L.A. youth rise up to a socialist feminist challenge
Whoever said young people are disengaged and uninterested was not looking in the right place! On March 24, I facilitated a workshop at the #RiseUp Youth Conference organized by the L.A. County Human Relations Commission.
The goal of the conference was to inspire teens to organize around issues they care about. In addition to a welcome assembly and entertainment, there were a number of workshop sessions. This was a great opportunity to share socialist feminism with hungry young minds!
Four hundred students from L.A. County schools joined the conference. This included the Santee High School Gay-Straight Alliance, which won a fight to have all-gender bathrooms in their school.
My workshop was titled, “Wymyn’s Rights are Humyn Rights.” Twenty-four students signed up! In true Angelino fashion, they were a racial melange: Latinx, Black, white, Asian; mostly women and two men. Our goals were to explore these questions: 1. Why do we fight back, rise and struggle? 2. What is this “system” people keep talking about?! 3. How do we fight it?
I began with an introduction to the FSP and socialist feminism, featuring FSP’s work at the January 20-21 Washington, D.C., inaugural protests and Women’s March. The students were riveted as I told of marching around the capital on J20 and experiencing the mass of bodies that showed up for the Women’s March. I explained that all the marching is for naught unless we fight for each other and push for socialism — where profit is not the driver of humanity but instead a planned economy provides for all people. We talked about how identity politics, only working with people of one’s own particular identity, narrows the impact of social movements.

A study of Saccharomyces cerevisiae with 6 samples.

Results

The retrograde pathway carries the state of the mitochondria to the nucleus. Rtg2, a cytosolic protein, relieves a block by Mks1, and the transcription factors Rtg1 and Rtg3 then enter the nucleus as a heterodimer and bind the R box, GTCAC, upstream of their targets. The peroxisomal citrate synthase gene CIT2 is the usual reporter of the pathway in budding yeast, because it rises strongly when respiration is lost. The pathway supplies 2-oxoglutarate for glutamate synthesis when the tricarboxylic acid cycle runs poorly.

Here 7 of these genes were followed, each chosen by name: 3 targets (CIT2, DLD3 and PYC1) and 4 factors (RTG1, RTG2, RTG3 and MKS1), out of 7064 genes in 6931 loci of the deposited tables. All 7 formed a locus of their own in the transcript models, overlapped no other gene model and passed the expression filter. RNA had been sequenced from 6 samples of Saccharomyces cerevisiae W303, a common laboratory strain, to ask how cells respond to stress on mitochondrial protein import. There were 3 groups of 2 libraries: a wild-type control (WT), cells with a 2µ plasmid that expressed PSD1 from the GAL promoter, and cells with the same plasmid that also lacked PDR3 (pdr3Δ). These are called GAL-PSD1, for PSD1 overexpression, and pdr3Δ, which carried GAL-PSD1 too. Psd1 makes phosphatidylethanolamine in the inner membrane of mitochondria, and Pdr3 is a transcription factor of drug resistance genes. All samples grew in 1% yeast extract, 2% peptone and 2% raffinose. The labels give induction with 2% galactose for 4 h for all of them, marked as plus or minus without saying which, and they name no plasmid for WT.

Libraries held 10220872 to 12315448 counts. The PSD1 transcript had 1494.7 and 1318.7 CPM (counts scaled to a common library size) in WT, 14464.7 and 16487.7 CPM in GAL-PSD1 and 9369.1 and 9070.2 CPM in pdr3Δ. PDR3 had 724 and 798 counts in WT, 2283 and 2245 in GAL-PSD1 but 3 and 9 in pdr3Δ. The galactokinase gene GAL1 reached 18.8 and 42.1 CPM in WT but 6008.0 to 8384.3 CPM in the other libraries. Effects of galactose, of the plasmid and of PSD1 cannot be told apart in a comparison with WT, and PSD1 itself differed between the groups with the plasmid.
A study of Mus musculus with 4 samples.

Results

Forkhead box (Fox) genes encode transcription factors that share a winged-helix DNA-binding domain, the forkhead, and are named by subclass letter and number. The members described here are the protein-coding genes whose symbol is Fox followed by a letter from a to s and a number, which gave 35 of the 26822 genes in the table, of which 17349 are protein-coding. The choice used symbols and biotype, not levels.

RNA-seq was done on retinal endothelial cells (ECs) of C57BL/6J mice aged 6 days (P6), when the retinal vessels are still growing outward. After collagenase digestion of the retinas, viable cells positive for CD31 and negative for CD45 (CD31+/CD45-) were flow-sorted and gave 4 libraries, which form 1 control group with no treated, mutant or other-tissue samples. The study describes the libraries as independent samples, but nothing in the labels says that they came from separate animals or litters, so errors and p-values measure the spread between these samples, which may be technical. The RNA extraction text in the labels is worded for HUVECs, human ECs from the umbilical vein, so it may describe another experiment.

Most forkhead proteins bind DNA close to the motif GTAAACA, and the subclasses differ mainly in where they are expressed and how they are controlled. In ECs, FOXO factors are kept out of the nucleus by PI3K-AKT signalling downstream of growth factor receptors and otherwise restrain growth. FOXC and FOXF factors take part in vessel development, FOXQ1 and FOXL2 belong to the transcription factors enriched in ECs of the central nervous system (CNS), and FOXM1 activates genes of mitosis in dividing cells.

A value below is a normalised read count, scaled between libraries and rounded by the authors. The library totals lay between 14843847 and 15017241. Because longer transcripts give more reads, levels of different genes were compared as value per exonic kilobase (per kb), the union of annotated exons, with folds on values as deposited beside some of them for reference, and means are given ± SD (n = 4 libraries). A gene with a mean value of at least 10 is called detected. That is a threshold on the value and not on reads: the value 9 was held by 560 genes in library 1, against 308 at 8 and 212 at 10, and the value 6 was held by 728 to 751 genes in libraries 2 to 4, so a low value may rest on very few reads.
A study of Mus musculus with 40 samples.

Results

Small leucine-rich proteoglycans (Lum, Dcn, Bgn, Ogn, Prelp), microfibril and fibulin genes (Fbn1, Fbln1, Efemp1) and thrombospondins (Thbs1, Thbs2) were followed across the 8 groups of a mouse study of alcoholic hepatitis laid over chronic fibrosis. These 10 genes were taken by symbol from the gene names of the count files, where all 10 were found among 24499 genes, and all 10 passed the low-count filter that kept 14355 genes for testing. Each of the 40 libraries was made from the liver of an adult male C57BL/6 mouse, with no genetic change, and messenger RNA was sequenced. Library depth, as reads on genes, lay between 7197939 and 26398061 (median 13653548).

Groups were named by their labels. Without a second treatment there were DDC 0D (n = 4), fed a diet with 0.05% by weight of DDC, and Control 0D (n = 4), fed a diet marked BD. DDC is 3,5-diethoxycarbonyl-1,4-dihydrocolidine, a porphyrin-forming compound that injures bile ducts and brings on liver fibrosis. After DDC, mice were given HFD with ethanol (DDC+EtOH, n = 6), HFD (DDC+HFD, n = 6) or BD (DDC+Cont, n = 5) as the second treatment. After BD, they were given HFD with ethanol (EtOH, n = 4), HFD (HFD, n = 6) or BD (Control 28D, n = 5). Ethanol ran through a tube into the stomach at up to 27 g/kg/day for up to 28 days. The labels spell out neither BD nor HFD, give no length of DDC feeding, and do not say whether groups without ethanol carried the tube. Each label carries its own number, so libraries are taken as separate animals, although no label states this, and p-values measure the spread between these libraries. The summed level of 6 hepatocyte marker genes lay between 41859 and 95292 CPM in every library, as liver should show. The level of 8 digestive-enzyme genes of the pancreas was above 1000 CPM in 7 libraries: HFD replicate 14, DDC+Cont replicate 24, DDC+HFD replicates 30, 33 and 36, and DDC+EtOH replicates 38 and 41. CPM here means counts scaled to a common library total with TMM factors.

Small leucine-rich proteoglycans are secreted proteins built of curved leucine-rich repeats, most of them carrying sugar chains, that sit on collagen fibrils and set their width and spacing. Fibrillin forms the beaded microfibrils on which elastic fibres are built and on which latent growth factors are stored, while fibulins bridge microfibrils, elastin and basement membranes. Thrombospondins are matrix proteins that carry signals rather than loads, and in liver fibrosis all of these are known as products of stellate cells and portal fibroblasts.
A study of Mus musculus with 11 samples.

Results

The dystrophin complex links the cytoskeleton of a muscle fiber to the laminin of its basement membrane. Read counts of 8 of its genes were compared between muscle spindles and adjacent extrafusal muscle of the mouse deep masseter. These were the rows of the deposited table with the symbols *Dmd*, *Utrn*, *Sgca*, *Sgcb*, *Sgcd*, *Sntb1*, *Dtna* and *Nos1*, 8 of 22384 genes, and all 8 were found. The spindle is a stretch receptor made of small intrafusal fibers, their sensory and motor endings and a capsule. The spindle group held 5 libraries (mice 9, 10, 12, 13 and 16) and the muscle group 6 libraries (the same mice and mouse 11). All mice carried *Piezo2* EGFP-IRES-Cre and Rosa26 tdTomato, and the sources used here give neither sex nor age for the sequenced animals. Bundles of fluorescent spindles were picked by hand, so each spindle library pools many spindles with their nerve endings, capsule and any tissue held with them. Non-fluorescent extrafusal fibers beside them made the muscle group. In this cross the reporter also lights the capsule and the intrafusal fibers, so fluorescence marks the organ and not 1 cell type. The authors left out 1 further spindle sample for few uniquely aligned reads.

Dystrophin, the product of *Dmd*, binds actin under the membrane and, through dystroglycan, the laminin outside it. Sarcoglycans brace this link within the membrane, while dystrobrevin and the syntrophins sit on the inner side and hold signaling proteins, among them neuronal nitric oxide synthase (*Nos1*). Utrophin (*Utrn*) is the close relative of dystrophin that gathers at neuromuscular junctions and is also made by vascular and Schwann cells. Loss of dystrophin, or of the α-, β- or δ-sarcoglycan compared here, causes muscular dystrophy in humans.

During the workshop we did two Mannequin Challenges. (This is where people act out a story while frozen in action like mannequins as a moving camera films them.) One scenario consisted of a man defending a woman’s right to choose while another woman told him to back down. The other scenario was about organizing democratically and working together with other groups, with the example of collaborating with other organizers to gain access to the site of the inaugural protest.
The high point of the workshop was discussing how capitalism works. Students were given a diagram showing the interactions between the means of production, relations of production and so on. The youth gave examples of how each category manifests in their lives and the world. The conversations grew deep as they discussed parents’ jobs, police brutality, immigration and other social issues. Revolutionary Integration — radical working-class cross-race solidarity — was being forged among these young men and women.
By the end of the workshop, they could answer the three questions we set out to investigate. It was a proud moment for me to bring Revolutionary Integration to these young minds and let them know that together as a class they are the next generation with the power to stop the capitalist machine.